Seems like bird numbers were down this year for a lot of people, in a lot of areas. Very good numbers of our local Ruffed grouse were a happy exception, and there were plenty of Sage Hens and Sharptails around to make for some good early season hunts.
Wisconsin and Chukars were a different story. The grouse cycle in the Midwest is currently on the down swing after the peak in 2011, with the bottom of the cycle probably still to come. We have weathered these cycles before so know what to expect. Even with less than great bird numbers there is nothing like hunting grouse and woodcock in the North Woods.
While we were there we concentrated on giving some of the younger dogs more experience. Here is Lizzie with a grouse she made a spectacular find and point on. No camera with us in the woods unfortunately, but still nice to have a photo of this beautiful brown phase bird and the memory of Lizzie on point.
Woodcock migrating from the north were late coming through in the area we hunt, but toward the end of our stay we had some good flights that helped make up for the low grouse. Here are a couple of woodcock points on a great hunt with River and friends.
Back home, Chukar numbers were down this year throughout most of the prime areas of the West due to a very dry spring. Chukars are similar in some ways to Bobwhite quail- chick survival depends on green growth that produces good insect populations. Young chicks have poor survival if the spring is too cold and wet, but without good rains to green everything up there aren’t enough insects, particularly grasshoppers, for their protein needs. Drought years tend to translate to easy winters and good survival for the adults, but lower numbers overall because of this.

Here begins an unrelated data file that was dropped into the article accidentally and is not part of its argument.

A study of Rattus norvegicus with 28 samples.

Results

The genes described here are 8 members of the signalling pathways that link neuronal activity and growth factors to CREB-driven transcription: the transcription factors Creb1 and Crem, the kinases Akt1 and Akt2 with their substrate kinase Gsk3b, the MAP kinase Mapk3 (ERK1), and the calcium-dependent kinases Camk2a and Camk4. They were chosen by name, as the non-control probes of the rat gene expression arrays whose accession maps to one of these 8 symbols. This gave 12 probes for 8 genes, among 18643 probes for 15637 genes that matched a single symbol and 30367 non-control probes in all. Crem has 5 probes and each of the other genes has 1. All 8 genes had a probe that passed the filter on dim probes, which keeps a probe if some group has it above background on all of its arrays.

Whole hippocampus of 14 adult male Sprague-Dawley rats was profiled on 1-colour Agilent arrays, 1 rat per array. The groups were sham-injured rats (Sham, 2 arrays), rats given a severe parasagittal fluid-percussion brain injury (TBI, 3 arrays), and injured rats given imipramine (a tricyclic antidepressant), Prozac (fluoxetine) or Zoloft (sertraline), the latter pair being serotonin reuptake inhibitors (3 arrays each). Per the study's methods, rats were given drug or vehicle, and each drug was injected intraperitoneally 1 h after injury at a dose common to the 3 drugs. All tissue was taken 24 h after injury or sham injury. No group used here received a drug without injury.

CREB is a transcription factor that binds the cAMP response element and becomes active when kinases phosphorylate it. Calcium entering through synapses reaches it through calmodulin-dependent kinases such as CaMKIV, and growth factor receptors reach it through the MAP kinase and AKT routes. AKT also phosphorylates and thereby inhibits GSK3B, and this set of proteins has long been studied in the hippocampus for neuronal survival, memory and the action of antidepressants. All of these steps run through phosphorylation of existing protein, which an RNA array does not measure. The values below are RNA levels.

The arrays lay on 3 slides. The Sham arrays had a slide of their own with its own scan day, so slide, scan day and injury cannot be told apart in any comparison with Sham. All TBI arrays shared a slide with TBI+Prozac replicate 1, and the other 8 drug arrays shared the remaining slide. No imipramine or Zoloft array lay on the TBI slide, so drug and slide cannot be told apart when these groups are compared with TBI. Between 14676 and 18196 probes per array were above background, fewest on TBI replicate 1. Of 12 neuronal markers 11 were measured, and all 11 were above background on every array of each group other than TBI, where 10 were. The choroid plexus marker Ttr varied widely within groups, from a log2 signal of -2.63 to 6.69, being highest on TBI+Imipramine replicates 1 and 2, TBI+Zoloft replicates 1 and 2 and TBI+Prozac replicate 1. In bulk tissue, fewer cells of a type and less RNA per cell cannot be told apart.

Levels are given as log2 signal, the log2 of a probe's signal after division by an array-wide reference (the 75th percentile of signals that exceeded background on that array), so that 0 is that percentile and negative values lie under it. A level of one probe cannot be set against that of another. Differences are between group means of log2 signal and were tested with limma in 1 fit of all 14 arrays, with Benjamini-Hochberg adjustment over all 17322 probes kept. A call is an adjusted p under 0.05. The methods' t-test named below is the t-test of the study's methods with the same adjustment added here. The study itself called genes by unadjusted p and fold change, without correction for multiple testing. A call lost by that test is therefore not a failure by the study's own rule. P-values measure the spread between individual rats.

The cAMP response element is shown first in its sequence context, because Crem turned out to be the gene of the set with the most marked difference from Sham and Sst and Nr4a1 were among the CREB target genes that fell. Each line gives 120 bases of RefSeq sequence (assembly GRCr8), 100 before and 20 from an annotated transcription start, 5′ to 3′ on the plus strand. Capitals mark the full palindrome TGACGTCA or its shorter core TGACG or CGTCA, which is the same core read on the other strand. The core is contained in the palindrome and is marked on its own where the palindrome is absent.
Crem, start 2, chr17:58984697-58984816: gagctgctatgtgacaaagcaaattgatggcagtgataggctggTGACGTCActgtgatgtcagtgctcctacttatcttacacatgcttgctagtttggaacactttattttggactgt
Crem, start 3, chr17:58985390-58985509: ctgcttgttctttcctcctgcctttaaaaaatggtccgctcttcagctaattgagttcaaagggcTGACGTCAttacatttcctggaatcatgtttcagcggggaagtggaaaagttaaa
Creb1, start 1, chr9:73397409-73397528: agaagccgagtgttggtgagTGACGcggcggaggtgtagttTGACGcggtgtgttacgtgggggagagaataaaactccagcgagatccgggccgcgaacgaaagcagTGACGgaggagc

Early reports were grim. In the Owyhees where we normally spend most of our time Chukars proved to be few and far between. Later in the season the birds were more concentrated in certain areas and easier to find, but it doesn’t seem right to keep working the same coveys so we decided to explore some new country and concentrate on developing young pups. Found a few promising areas and had a good time checking out new hills.
We camped here before heading home, but one great thing about this particular area is that it’s just close enough for day trips (if we get up early!). This gave us a chance to extend our season a bit after we had to be home for work in January.
We currently have three young dogs who just had their first hunting season. Watching pups learn where and how to find birds is always one of the highlights of our year. Ruby’s first Chukar find was a real treat to witness. She turned into the wind with her nose high in the air and wandered at least 50 yards off to the side before flushing a big covey. Performances like this never cease to thrill us.
Heavy snows held off until the end of the season, but the weather has turned back to a more normal winter. We are home and the snow is doing some serious piling up. Hopefully this will be a better year for the birds.